Evolving cultural attitudes towards women in leadership is crucial for promoting peace, former President of Liberia Ellen Johnson Sirleaf said Wednesday as part of a three-day workshop on conflict recovery.
Sirleaf was the first woman elected as president in Africa and she served two terms from 2006 to 2018. Sirleaf was awarded the Nobel Peace Prize in 2011 for her work defending women’s rights.
Speaking to two undergraduate international relations classes taught by Georgetown University professor Lise Howard, who moderated the Oct. 2 event, Sirleaf answered a number of student questions on the importance of women’s empowerment and post-conflict policy both in politics and Liberian society.
By the end of her time in office, Sirleaf felt as though she had changed the mindset of people in Liberia about what a woman in power could do.
“It’s accepted now, even the little girls in our rural Liberia are known now to challenge,” Sirleaf said. “Challenge their teachers and say, ‘I can be what I want to be as a woman president.’”
Sirleaf strongly believes that, when given the opportunity, women are better at running a society than men.
“I can’t tell you I have empirical evidence. I wish I could,” Sirleaf said.
Director of the Global Human Development Program Steven Radelet approached Sirleaf about establishing a program for her at Georgetown after he served as an economic advisor to Sirleaf during her time in office.
Along with Dean of the School of the Foreign Service Joel Hellman, Radelet designed a three-day program that has been hosted three times since spring 2018. The program includes a series of faculty meetings, small group meetings about post-conflict reconstruction and classroom discussions and public speeches.
Sirleaf’s most recent visit marked her fourth time coming to Georgetown. She is set to visit again in either March or April 2020, according to Radelet.
“I think there’s been pretty enthusiastic response on both parts,” Radelet said. “Each time she comes, I’m already getting requests from student groups who missed out this time to want to be on the schedule next time.”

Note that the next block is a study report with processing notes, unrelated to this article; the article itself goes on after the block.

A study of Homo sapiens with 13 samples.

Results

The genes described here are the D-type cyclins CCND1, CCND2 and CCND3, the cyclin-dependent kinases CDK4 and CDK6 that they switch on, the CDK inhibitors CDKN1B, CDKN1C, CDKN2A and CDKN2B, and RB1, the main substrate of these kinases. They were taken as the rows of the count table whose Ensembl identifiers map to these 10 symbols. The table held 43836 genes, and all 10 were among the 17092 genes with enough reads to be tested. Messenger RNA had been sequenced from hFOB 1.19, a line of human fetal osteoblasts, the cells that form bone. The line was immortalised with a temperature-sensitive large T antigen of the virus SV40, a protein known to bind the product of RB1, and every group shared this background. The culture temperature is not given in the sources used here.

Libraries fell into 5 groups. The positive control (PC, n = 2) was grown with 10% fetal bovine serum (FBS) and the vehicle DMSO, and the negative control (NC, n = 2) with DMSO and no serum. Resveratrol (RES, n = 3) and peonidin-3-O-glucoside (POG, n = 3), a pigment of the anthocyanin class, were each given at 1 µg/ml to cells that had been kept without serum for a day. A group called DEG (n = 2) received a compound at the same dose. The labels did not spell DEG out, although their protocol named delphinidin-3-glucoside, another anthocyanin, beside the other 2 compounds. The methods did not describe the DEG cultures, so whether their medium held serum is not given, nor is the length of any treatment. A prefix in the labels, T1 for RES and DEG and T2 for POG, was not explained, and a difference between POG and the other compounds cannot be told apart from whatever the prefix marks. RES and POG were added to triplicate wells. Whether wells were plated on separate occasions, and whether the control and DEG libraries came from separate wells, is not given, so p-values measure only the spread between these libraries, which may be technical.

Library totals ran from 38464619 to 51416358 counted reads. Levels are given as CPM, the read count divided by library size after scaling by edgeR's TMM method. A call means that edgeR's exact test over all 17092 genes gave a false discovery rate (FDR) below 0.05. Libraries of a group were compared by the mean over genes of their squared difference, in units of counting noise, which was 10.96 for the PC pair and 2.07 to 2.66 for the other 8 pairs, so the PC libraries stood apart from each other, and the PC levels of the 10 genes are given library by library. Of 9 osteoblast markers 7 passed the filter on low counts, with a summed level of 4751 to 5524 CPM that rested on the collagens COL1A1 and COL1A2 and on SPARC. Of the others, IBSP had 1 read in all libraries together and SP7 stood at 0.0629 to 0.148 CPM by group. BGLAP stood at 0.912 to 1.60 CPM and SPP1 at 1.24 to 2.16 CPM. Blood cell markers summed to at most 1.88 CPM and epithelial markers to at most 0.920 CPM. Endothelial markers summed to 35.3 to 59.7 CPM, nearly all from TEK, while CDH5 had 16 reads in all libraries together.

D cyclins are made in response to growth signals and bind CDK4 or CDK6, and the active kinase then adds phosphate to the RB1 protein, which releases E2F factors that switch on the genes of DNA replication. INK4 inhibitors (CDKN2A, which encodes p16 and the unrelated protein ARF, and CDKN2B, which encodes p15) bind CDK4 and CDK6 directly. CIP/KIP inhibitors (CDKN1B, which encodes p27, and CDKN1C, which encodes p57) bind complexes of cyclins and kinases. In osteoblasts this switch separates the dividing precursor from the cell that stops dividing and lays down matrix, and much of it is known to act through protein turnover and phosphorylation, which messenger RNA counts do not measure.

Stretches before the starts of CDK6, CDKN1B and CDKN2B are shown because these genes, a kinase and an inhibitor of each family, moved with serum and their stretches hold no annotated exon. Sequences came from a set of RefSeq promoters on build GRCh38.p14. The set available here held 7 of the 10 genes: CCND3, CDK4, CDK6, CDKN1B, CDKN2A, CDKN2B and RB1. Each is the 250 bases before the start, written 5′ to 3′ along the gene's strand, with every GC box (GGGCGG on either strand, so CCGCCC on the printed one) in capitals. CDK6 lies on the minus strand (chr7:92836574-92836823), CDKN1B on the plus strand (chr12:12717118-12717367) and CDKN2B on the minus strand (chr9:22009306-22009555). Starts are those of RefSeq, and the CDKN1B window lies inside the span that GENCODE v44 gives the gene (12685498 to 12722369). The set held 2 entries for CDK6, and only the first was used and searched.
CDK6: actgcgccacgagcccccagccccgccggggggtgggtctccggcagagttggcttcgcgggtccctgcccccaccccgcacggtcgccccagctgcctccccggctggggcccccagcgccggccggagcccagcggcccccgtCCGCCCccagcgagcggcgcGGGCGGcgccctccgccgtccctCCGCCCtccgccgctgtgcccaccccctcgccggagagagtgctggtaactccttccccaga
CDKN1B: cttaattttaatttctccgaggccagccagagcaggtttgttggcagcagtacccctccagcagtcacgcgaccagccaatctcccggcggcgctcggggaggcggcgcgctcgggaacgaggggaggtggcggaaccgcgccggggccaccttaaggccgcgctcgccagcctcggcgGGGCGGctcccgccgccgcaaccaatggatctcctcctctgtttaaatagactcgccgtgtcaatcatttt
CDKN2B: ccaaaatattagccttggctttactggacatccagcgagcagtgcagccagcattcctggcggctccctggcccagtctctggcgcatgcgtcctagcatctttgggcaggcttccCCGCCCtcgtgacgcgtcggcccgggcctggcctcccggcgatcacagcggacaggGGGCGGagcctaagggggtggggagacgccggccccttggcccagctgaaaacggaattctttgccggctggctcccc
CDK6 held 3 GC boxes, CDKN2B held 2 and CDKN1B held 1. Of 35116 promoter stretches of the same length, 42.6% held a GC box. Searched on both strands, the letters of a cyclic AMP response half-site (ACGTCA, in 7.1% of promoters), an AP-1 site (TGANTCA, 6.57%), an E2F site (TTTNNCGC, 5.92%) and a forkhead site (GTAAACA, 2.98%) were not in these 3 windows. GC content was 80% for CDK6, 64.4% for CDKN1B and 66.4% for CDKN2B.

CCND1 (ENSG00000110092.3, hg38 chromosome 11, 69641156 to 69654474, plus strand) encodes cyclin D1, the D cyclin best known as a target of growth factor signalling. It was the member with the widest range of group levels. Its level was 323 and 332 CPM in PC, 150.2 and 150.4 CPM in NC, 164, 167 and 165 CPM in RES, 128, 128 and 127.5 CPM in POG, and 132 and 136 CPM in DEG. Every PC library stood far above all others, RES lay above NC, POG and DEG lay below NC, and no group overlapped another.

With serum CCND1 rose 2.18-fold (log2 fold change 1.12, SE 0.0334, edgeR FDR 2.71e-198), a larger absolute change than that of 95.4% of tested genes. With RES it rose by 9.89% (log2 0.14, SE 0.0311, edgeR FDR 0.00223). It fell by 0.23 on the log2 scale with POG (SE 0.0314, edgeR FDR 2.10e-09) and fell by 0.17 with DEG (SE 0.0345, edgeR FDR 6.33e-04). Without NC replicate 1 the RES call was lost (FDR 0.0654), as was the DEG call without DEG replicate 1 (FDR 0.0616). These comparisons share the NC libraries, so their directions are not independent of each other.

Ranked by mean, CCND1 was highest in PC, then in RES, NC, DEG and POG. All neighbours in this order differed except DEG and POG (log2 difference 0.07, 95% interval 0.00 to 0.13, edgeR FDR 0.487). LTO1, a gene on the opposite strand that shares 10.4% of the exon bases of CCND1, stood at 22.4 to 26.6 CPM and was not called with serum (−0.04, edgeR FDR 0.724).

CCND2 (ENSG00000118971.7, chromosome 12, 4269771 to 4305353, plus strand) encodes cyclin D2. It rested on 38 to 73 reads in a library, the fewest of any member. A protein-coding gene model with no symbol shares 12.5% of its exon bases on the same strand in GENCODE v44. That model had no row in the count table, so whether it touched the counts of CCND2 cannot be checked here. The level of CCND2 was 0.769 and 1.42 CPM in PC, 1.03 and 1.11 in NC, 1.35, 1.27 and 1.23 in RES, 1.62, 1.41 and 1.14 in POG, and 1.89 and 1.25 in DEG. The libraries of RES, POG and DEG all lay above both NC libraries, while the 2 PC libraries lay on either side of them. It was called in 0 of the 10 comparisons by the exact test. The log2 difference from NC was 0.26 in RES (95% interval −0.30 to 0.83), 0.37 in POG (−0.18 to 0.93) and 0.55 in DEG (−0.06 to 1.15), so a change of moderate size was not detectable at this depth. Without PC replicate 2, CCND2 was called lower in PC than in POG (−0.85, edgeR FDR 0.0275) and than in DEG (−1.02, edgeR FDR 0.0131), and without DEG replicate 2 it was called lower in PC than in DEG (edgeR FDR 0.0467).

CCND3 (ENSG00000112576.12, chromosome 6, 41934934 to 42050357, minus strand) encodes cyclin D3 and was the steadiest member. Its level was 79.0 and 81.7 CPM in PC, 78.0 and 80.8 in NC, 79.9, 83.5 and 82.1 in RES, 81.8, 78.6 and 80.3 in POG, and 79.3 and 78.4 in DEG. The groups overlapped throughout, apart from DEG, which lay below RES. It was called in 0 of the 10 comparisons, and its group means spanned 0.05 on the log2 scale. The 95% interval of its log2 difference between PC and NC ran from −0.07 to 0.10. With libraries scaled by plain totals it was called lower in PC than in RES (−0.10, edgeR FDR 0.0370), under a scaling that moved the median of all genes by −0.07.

Sirleaf was excited about the opportunity to participate in a number of in-depth interviews and discussions about Liberia as well as the chance to meet and engage with students, according to Radelet.
“She really likes meeting with students and she always says, she said it to me today, that she gets energized by meeting with students and hearing their questions and sensing their energy and their curiosity,” Radelet said in an interview with The Hoya.
Gabriella Turrinelli (SFS ’23), a student in Howard’s introductory course, was struck by how much Sirleaf stressed the importance of women’s empowerment in politics.
“I thought it was really interesting, especially how she emphasized the role of not just getting women into politics but advancing women’s rights outside of politics within the rural parts of Liberia,” Turrinelli said in an interview with The Hoya.
Prior to this event, Sirleaf’s audiences were limited and an attempt was made to change that this year, according to Howard,
“We had a little feedback that maybe we weren’t having quite enough broad student engagement. So that was when we decided to bring her to the introduction to IR class. Just so she could engage with a lot of students,” Howard said in an interview with The Hoya.
Even after meeting with Sirleaf a number of times, Howard is still amazed by the work Sirleaf accomplished in the face of numerous obstacles, including the end of a civil war and the 2014 Ebola outbreak.
“I tell my students that I’ve met a lot of important people over the course of my career, a lot of heads of state and famous people and in a variety of ways, and I still have that feeling of a little bit of starstruck trying to talk to her,” Howard said.
People should not underestimate the role that the United States has had in creating important international standards that other countries look to, Sirleaf said.
“The role that the United States has played, the influence that the United States has had, in the promotion of democracy and the protection of rights, is what has influenced and made so many countries that adopt similar policies, similar positions for their improvement,” Sirleaf said. “Don’t let it change.”